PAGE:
Synopses & Reviews
The inspiring story of the nationally known soldier who fought in Iraq and was brave enough to face jail rather than return to fight again.
As the American occupation of Iraq continues with no end in sight, Camilo Mejía has become a nationally recognized voice in the ever-growing peace movement. After serving in the Army for nearly nine years, he was the first-known Iraq veteran to refuse to fight, citing moral concerns about the war and occupation. His principled stand helped to rally the growing opposition and embolden his fellow soldiers. Despite widespread public support and an all-star legal team, Mejía was eventually convicted of desertion by a military court and sentenced to a year in prison, prompting Amnesty International to declare him a prisoner of conscience.
Since his release, the celebrated soldier-turned-pacifist has traveled around the country and the world to speak against the war. Now he tells his own story, from his upbringing in Central America and his experience as a working-class immigrant in the United States to his service in Iraq—where he witnessed prisoner abuse and was deployed in the Sunni triangle—and time in prison. Far from being an accidental activist, Mejía was raised by prominent Sandinista revolutionaries and draws inspiration from Jesuit teachings. In this stirring book, he argues passionately for human rights and the end to an unjust war.
"Meja, a veteran of the Iraq conflict, became an antiwar hero when he refused to return to his unit and was court-martialed in 2004 for desertion. His memoir is a blend of compelling war narrative and dubious soapboxing. Meja's claim to conscientious objector status, after eight years in the U.S. military, months of combat and a long campaign for a discharge, rings rather hollow. The son of prominent Nicaraguan Sandinistas, he takes a view of the insurgents' 'fight for self-determination' that seems nave ('[t]here seemed to be a unity that spread through the differences among Iraqis') and his prose is laced with clunky rhetoric about 'the imperial dragon that devours its own soldiers and Iraqi civilians alike for the sake of profit.' Most powerful are his firsthand experiences of prisoner abuse, senseless patrols that invite insurgent attacks, discord among his demoralized comrades and their careerist officers, and the constant brutalization of Iraqis by paranoid, trigger-happy GIs. (In one incident, an irate soldier arrests an eight-year-old rock thrower, who is then beaten by a local man desperate to appease the vengeful Americans.) Those stories add up to an indelible portrait of the dirty war in the Sunni triangle and Meja's painful confrontation with his immoral complicity in it. (June)" Publishers Weekly (Copyright Reed Business Information, Inc.)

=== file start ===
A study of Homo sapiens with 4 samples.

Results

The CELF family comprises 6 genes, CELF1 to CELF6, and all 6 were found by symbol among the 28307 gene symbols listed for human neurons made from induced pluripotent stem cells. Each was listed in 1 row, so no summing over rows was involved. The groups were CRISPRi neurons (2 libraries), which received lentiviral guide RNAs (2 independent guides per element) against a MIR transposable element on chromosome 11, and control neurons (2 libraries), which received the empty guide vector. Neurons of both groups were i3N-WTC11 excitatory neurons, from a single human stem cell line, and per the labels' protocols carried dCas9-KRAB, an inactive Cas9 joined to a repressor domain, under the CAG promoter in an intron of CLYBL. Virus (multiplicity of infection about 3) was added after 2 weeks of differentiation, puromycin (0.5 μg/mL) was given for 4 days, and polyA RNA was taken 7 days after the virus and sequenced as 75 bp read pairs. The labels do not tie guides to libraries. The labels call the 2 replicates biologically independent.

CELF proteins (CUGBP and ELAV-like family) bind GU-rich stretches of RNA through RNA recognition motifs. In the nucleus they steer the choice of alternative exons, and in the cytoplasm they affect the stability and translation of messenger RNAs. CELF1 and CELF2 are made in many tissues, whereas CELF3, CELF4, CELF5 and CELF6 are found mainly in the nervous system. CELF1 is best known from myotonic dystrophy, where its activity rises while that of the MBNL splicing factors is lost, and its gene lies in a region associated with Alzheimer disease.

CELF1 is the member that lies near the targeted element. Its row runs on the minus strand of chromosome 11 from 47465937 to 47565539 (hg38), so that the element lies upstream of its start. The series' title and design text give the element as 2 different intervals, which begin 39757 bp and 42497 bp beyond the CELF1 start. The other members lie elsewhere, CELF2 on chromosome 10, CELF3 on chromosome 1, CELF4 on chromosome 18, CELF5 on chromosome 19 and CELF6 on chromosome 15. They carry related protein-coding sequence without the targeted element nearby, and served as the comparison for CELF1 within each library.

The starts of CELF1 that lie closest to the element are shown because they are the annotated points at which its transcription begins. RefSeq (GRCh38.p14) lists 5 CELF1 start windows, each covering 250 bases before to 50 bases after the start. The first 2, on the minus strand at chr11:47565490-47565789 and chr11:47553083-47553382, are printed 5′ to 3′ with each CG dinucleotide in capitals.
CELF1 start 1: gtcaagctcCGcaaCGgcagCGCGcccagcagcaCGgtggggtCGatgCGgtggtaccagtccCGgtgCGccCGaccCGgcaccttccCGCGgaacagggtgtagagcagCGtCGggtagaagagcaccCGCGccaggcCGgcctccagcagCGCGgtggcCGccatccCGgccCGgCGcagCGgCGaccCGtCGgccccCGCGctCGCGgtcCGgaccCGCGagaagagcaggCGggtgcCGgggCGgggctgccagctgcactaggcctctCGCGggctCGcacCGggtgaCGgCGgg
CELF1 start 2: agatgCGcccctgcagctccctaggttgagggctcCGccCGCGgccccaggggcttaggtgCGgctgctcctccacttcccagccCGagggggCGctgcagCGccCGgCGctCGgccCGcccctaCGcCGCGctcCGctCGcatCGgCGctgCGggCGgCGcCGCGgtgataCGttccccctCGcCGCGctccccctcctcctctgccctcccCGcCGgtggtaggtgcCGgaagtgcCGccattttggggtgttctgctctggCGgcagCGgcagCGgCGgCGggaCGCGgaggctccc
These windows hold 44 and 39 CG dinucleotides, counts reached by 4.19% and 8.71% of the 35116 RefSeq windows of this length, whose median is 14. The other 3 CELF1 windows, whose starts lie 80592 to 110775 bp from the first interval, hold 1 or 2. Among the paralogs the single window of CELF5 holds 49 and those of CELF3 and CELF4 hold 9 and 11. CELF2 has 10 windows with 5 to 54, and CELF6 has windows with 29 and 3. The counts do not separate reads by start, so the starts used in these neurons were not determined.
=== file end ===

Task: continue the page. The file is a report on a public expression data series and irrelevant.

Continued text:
Staff Sgt. Mejia became the new face of the antiwar movement in early 2004 when he applied for a discharge from the Army as a conscientious objector. After serving in the Army for nearly nine years, he was the first known Iraq veteran to refuse to fight. He was eventually convicted of desertion by a military court and sentenced to a year in prison.
About the Author
Camilo Mejía grew up in Nicaragua and Costa Rica before moving to the United States in 1994. He joined the military at age nineteen, serving as an infantryman in the active-duty Army for three years before transferring to the Florida National Guard. He fought in Iraq for five months. He currently lives in Miami.